Tax refund shopping spike

Shoppers may be more active after they get their refunds.

By Stock Traders Daily Mar 15, 2013 9:18AM
Income tax numbers at the accountantBy Jolene Wee, Stock Traders Daily

For many Americans, the first quarter of the year is a time when Uncle Sam knocks on their doors to collect taxes. For those who owe the government, tax season is no fun. However, for many others tax season is a time of shopping, and retailers intend on cashing in on the shopping frenzy.

It is estimated that more than $230 billion of tax refunds will be issued to taxpayers this year. Last year, the average federal tax refund was about $2,700, which was more than 75% of Americans' monthly income! Even though many taxpayers vow every year to save their tax refunds, historical retail sales show that most spend their refunds.

In the past few years, retail sales during the tax season have consistently grown. There was an increase of 14% in retail sales in 2007 from the previous year. In 2008, retail sales were up 9%, in 2009 they were up 6%, in 2010 15%, in 2011 16% and in 2012 they were up a whopping 17%. As the economy continues to gain strength, it is likely that the increase in sales for this season will be even higher this year.

Retail spending during the tax refund season is largely driven by demographics. According to a recent survey, 22% of taxpayers making more than $75,000 a year plan to save or invest their refunds, while 17% plan on spending them. Some 20% of men plan on saving or investing their refunds, whereas only 10% of women plan on doing the same. More importantly, the majority of taxpayers making less than $35,000 plan on spending all of their refunds.

And history shows that most people spend their refunds on two kinds of expenses -- large ticket necessities and discretionary items.

With some tax refunds reaching more than $10,000 after earned income and child tax credits, people have used their refunds for a down payment for a car, pay off large bills and fix their homes. These are expensive needs that consumers have postponed due to insufficient funds or lack of income.

It is reported that car sales in February showed strong growth. Preliminary results indicated sales were at an annual rate above 15 million for the month of February. General Motors (GM) achieved the highest unit sale with 224,314 vehicles sold, up 7% from prior year. Ford Motor (F) came in second with 195,822 vehicles sold, up 9%; then Toyota Motor (TM) sold 166,377 cars, up 4%; and Chrysler sold 139,015 units, also up 4%.

Big box retailers such as Wal-Mart Stores (WMT), Target (TGT) and Costco Wholesale (COST) expected higher sales during tax refund season, and this year was no different. However, Wal-Mart's sales came short of estimates this year. According to company officials, the delay in tax refund payments has affected customer spending and was below projected sales for the month of February. At this point, the retailer had only cashed $2.7 billion of refund checks, down from $4 billion same period last year. As a result, the company experienced flat sales growth compared to last year. Target experienced similar flat sales results.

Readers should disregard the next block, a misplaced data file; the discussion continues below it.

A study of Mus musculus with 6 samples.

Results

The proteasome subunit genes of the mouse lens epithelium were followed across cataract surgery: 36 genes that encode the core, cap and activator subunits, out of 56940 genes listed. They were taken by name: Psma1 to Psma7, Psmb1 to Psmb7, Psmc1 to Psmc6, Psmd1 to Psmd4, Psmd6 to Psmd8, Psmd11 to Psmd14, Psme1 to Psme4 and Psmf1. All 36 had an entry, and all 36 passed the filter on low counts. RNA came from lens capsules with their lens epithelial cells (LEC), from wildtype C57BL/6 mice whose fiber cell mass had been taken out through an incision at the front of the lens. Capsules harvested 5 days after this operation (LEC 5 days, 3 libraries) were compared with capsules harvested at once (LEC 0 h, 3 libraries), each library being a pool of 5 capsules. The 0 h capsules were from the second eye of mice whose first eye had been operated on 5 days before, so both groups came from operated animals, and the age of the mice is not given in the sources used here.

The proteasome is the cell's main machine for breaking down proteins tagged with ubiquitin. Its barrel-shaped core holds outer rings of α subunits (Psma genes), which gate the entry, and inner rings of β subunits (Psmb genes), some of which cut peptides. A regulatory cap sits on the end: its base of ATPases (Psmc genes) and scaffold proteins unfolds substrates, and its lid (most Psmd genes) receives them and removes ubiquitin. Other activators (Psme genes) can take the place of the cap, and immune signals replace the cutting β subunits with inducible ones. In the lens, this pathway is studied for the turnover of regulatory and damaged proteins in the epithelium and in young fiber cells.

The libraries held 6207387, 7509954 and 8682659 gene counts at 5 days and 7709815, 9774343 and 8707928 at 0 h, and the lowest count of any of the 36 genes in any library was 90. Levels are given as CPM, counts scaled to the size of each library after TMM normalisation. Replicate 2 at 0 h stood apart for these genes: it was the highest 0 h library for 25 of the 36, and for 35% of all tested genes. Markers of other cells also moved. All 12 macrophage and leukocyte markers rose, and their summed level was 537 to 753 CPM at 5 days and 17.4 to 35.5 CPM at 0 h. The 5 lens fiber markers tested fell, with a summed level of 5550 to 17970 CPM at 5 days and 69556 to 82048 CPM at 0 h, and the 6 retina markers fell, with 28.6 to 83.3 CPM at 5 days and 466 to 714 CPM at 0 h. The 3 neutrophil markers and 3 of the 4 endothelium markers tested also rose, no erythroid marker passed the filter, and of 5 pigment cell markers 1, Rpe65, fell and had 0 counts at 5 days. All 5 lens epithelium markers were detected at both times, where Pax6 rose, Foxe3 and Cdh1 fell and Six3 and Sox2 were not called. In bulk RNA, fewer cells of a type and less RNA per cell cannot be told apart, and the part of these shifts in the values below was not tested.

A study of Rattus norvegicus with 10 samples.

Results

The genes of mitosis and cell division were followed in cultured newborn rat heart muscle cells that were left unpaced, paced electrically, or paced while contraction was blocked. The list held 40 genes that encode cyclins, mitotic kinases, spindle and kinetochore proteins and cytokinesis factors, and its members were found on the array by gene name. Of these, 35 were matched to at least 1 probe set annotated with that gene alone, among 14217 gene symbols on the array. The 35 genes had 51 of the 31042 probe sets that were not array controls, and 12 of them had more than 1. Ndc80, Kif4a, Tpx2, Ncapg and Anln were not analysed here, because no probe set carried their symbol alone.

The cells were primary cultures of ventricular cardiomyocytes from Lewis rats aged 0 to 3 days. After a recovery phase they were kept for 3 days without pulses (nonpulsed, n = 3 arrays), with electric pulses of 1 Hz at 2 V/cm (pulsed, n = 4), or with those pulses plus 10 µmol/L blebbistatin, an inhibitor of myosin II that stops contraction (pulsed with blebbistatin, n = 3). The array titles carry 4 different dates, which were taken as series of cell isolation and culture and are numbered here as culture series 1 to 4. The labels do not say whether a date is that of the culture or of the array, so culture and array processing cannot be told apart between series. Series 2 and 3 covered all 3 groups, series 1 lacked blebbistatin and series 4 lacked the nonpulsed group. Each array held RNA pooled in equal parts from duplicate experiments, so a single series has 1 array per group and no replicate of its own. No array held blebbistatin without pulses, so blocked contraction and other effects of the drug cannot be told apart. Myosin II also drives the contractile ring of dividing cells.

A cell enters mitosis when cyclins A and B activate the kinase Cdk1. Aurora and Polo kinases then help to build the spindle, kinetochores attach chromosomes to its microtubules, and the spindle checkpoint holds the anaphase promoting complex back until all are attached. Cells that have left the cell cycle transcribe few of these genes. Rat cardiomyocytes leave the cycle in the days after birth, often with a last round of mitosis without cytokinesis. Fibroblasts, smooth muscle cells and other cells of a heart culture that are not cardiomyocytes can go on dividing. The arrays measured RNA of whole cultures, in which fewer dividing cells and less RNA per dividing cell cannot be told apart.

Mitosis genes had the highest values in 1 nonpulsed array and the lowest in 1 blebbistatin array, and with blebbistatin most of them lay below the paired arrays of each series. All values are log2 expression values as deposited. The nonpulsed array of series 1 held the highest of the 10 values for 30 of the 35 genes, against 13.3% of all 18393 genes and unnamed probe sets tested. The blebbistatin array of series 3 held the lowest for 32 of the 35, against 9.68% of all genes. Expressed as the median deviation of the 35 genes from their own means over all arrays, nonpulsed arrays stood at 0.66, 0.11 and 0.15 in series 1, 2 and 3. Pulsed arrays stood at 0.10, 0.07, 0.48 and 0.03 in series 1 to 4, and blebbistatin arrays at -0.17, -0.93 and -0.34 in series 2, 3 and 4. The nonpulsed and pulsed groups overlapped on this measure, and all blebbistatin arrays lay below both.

Costco, on the other hand, saw its sales rise. Revenue increased by 8% to $24 billion, while net income increased by 39% to $547 million. The company's performance has exceeded Wall Street's expectations thus far as it welcomed an over 15% increase in memberships despite an increase of 10% in membership fees. Its there-is-something-for-everyone strategy that is drawing customers ranging from small business owners to budget conscious individuals.

As for the discretionary refund check spenders, there are plenty of retailers to choose from. And the larger the refund checks, the more they can buy. Retailers including Sears Holdings (SHLD) and Best Buy (BBY) have ramped up their inventory levels to prepare for this season of shopping. In the past, shoppers bought large items such as televisions and computers during this time of the year. Some opt for online shopping and e-commerce sites such sites as (AMZN) and eBay (EBAY) also stand to profit.

Not surprisingly, lower income shoppers receive larger tax refund checks due to tax credits that higher income individuals are not eligible for. Due to the delay in refund checks this year, we will likely see this season of shopping extend well past the April 15 deadline. For more information on companies in the retail industry, consult our real time trading reports.   
Mar 17, 2013 2:10PM
And people wonder why they don't ever seem to have any money...
Mar 17, 2013 12:11PM
Those in the group making less than $35,000 are precisely the ones who need to save the most instead of foolishly spending it all.  Refunds within this group never seem to correlate to common sense or cents.  How many spring or summer shirts or dresses can you have over the years.  I have some summer shirts that are more than 15 years old, mainly because they aren't worn over twice during the season, I have so many.  Still driving a 1997 Grand Marquis that was bought brand new that year, and I will probably get a new paint job on it, using savings accumulated in the past.   This article didn't do very much to encourage thrift, I'll tell you that.
Mar 17, 2013 8:10PM
A fool and his money are soon parted.  If you never save any money you will never have any.
Mar 18, 2013 7:37AM
Better idea. Change your withholding so you are not giving the government a free loan.
Mar 18, 2013 7:35AM
Better idea. Pay off debt and save for a rainy day so I don't have to bail out your azz again.